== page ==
As your pet grows older, he or she may develop a range of diseases and conditions associated with aging, such as obesity, diabetes, arthritis and kidney disease. Despite the health problems often ...View Article
You are using an outdated browser. Please upgrade your browser to improve your experience.
Q. Isn't it wrong to deprive an animal of the natural right to reproduce?
A. No, it is wrong to allow these animals to reproduce millions of unwanted offspring who are eventually killed because there aren't enough responsible homes.
Q. If I find homes for my pets' litters then I'm not contributing to the problem am I?
A. Yes you are. Only a certain number of people want pets. So every home you found for your pet's offspring took a home away from a loving animal already at a shelter.
Q. Shouldn't every female pet have at least one litter before being spayed?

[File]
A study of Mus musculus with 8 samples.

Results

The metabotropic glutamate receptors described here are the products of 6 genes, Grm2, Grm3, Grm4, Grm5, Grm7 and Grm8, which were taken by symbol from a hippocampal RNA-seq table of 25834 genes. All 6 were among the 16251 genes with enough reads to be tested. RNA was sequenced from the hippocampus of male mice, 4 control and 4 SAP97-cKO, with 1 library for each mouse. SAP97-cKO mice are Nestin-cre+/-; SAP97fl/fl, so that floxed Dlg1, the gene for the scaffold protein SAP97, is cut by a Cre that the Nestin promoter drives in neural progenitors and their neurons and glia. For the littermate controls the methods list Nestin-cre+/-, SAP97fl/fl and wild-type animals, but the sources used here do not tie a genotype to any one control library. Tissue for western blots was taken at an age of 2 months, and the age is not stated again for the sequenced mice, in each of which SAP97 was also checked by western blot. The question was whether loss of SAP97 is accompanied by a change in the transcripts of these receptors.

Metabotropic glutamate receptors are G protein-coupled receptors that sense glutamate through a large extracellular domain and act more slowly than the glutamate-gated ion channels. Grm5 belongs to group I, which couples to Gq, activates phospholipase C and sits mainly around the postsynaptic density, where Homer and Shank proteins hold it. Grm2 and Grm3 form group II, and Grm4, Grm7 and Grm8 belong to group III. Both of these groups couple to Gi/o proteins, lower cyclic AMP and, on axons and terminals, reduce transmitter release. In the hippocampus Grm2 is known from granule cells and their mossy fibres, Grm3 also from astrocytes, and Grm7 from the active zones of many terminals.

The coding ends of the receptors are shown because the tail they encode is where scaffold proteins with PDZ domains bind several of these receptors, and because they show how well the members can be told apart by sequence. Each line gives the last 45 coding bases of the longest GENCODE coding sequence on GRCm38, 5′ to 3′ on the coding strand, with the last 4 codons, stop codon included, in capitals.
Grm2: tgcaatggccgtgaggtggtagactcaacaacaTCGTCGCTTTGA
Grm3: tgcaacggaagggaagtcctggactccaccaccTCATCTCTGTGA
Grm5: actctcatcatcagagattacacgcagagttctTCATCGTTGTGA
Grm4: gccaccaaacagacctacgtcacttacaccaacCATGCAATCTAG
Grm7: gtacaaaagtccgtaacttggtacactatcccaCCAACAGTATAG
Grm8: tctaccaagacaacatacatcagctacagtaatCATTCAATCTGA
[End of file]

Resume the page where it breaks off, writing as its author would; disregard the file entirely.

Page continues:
A. No. In fact your pet will likely to be healthier if she never goes into heat. Nor will her personality improve with motherhood. She is just as likely to become less social and more aggressive after having a litter as she is to become calmer and gentler.
Q. Shouldn't children experience the miracle of birth?
A. A more important lesson to teach your child would be that of compassion and concern for life itself by explaining why their pet should not have babies.
Q. Doesn't neutering alter an animals personality?
A. Personality changes that may result from neutering are for the better. Not being distracted by the instinctual need to find a mate helps stop roaming and be calmer, though not less protective of their territory.
Q. Only females add to the overpopulation problem, right?
A. No, a male can father far more offspring in his lifetime than a female can mother.
Q. Won't animal shelters take care of the surplus animals?
A. We do the best we can, but the number of unwanted animals far exceeds the number of available homes. This leaves many loving and healthy animals in our community who must be euthanized as the only humane solution to this tragic dilemma. Only spaying and neutering end the overpopulation problem.